Sunday, June 29, 2008

Some birds, and some work

First, the birds. This photo I took early this morning. We had gotten up and we were fixing breakfast. The cats had gone out on the lanai. All of a sudden I here all this racket, I run out, and one of the baby herons took it's first flight and crash landed on top of the lanai screen. It was OK, and got very curious about the cats staring up at him. Click on the picture to see him better.

Then this next picture is in my garage, on top of the cabinets...a mourning dove has made a nest and laid her eggs in this basket....Just the garage door has to be left open about 6" day and night so she and her mate can get in and out. I don't know how long the babies take to fledge after hatching. Lots of heat coming in that opening...... Don and I have had the discussion about keeping the door down....he ignores this is the result. Oh well....

if you click on the picture to enlarge it you can see the mother's tail as she is sitting on that nest.

And now to quilt content. Several of you have asked what I will be using the last batch of fabric that I printed with the watercolor crayons for. Well, it will be a quilt for a textures class I'm teaching in the fall. Today, I got my drawings mostly done (still have to add the fish and shells).
But I also got those fabrics cut and pinned in place. Tomorrow during the T'storms I'll sew them down and trim the background from behind.

And of course no work day would be complete without my "helpers"

Here you can see how much help Harry was......

And here Chloe did just about as much!

Have a great night!

Thursday, June 26, 2008

And finally...the end result.

I just know you've been dying to see the results! Well here you go, all dried and heat set...ready to be used. This is the front of the background piece. And the back.
And here is the cheesecloth I dunked in the leftover pigment.

And the front of a sand piece.

And it's back.

Another sand piece.

And it's backside.

Yet another sand fabric.

and the other side.

And this is the piece I did with the molding mat. As you can see, I lost most of the detail of the shells. So this just lets me know you need a firmer object to use for rubbing.

But the back will work well. So even a failure will work!

A very enjoyable day with some great one of a kind fabric as a result. Next, to turn it all into a quilt. But that will be for another day!

Now for the magic!

So, now that our rubbings are all done, the magic starts! Remember that these are watercolor crayons. So now we add the water. I just put a little in an old yogurt cup (clean, of course) and get a cheap paintbrush...the kind you get in walmart for a dollar.
Just dip your brush in the water and brush it on the fabric. The transformation will amaze you!
And here the background has been wet down.

But wait! In my water cup where I've been dipping my brush, I now have pure watercolor pigment in liquid form. Can't waste that good stuff, soooo I grab a piece of cheesecloth and dunk it in.

How pretty is that!

And here are the sand pieces after being brushed with water.

Now, the hard part...waiting for it to dry!

Printing fabric

I'm working on a new sample for my next textures class. This time we will make a simple coral reef quilt about 26" x 36". This will be a 2 day class. The first day we will be printing and painting PFD fabric, painting batting, painting and melting tyvek, and making 'reef critters' using angelina fibers and film too.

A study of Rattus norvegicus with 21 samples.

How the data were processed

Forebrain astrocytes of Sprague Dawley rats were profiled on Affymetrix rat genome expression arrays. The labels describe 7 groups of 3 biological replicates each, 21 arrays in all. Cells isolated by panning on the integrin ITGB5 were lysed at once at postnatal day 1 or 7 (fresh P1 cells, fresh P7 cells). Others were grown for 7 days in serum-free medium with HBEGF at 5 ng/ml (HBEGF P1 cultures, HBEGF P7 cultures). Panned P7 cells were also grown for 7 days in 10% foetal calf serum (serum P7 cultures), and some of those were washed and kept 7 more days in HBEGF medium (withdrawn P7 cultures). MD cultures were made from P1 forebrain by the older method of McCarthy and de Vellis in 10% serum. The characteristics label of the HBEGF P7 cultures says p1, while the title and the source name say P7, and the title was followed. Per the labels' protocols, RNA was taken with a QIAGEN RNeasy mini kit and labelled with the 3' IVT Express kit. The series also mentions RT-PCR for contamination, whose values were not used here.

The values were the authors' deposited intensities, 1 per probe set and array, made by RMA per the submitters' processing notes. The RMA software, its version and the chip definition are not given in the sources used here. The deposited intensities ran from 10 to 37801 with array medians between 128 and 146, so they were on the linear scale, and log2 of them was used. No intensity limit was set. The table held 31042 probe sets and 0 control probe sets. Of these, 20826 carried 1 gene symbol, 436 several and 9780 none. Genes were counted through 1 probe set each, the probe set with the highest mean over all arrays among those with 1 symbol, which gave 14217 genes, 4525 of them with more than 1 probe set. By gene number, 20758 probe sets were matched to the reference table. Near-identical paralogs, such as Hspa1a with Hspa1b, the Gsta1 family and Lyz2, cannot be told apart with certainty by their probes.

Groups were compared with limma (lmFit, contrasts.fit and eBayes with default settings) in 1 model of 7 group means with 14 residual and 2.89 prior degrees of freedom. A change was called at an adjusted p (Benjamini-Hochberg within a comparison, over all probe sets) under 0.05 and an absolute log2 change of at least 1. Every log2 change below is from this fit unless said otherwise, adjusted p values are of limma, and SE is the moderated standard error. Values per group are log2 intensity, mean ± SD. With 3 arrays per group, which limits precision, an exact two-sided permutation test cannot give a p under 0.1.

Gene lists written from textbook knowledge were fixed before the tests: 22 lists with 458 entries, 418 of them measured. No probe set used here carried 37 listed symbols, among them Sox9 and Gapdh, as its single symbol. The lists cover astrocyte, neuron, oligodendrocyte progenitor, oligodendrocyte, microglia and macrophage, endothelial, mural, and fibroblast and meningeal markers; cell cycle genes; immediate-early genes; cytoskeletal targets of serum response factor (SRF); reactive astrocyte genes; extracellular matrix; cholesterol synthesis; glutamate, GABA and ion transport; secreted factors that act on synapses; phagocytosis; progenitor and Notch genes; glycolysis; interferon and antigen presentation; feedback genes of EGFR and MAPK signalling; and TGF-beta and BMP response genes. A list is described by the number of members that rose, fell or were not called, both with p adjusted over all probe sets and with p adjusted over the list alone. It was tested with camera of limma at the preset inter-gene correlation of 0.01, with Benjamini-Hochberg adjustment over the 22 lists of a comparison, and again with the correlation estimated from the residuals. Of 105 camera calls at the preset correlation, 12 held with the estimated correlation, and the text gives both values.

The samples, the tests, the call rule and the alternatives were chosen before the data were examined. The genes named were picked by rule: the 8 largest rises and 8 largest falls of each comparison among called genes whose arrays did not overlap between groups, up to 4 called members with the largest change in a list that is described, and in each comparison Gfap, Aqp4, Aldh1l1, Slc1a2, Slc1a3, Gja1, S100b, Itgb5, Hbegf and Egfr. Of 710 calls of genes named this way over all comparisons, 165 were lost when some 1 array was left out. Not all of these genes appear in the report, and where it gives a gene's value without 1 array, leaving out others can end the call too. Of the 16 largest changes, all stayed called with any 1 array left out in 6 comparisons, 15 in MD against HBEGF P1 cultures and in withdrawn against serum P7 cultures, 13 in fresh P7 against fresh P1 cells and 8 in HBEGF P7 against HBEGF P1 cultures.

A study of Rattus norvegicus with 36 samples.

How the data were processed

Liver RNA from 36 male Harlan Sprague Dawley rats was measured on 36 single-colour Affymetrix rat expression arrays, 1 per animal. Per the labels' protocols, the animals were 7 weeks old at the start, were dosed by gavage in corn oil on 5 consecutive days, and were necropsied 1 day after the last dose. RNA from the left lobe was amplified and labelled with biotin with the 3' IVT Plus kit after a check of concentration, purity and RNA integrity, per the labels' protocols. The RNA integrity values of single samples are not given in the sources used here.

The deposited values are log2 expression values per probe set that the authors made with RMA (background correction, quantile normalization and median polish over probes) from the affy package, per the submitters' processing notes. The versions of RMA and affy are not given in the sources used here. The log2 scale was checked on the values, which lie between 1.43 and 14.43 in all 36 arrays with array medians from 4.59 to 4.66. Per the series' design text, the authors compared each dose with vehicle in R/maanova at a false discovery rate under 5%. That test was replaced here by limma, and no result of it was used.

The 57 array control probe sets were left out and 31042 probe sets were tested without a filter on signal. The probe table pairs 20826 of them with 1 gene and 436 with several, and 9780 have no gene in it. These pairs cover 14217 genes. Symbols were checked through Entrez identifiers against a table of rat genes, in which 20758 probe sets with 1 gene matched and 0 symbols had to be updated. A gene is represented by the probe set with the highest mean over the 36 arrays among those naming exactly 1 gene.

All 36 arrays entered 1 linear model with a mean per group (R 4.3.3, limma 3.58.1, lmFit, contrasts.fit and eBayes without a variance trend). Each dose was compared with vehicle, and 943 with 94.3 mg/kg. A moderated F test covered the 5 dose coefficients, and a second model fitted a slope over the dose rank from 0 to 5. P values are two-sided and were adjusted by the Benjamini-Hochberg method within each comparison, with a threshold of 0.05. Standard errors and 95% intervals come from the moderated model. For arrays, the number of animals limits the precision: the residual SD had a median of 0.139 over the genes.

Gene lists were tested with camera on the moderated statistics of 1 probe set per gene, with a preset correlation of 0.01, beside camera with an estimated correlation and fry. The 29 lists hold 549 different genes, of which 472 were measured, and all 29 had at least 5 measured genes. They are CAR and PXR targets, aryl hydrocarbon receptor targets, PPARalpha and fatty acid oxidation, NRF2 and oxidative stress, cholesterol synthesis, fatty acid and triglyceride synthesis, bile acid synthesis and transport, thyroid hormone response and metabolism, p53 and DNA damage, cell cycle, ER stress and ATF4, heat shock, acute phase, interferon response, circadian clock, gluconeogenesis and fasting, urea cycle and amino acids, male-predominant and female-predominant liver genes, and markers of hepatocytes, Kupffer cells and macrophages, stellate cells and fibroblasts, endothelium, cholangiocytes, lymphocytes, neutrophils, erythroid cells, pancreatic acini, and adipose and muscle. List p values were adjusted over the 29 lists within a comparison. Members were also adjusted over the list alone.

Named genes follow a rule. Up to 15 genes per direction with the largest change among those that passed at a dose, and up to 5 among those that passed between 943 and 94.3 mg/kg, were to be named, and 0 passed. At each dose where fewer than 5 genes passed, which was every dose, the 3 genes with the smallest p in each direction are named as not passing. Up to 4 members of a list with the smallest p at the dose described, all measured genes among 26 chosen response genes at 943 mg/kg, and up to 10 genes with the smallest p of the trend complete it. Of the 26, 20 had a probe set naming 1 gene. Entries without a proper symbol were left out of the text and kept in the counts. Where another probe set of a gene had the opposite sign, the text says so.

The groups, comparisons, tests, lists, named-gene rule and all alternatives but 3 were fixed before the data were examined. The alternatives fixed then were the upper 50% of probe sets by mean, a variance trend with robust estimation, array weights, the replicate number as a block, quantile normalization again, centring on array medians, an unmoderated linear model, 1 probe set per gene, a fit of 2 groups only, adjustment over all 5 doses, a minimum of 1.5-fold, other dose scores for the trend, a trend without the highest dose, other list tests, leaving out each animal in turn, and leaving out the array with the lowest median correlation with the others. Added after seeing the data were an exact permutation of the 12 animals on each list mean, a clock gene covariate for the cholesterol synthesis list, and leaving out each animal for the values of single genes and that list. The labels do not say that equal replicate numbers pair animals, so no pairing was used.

My full size drawings for the quilt are done, so today I began making my fabrics. For the background, and also the pieces for the "sand" I am using watercolor crayons. This technique is so simple...takes you back to your kindergarten days doing rubbings with crayons. And that is precisely the first step in this process. I used caron d'ache neocolor II crayons. They are high quality, heavily pigmented watercolor crayons. They blend easily, and after dried and heat set are permanent and washable. to begin, simply place your PFD fabric over your rubbing plate and rub with the crayon. I find it helpful to use a non slip mat under the rubbing plate so you're not chasing it all over your workspace.

Just keep moving the fabric and rubbing till you've covered the entire surface.
I went back over several times with different colors.

And this is what it looked like when I finished the rubbings.

Then I did some pieces for sand, using the same process.

A different rubbing plate...

And here, I rubbed over a mini molding mat. Looks great now, but as you'll see, it doesn't do as well in the end as the other rubbing plates.

Next post, the magic will begin!

Tuesday, June 24, 2008

I am still working....

This is my finish today, a sampler. I don't get too many of these as the work I get tends to be a little more contemporary. So I decided (with the clients input) to make it a quilting sampler too. Mainly with the background quilting, and keeping it very small. The idea is to draw the viewer in with the pieced blocks, and then give them surprises when they look closer.
The leaves in the sashing are the same throughout the quilt to unify it. The border is a simple beadboard. Each block has a different background fill. This is a 1/4" grid. Some of you may get bored with all of really is an exercise in tiny background fills.
This is a 1/2" grid on point with teardrops suspended from the points.

This is an overall small leaf fill. Each leaf is ~ 1/4" - 1/2".

This is clam shells (~ 1/4") and ribbon candy( two rows).

This is orange peel done on a 1/4" grid.

This is basket weave done on an 1" grid.

This is SID and tiny pebbles.

This is just a simple shell meander, albeit very small, and a plain ole micro stipple.

This is my feathered flower stipple.

And this is the back.

The client picked it up this evening and was thrilled...thankfully!!

The photos are all clickable if you want a closer look.

I hope you all are having a great week!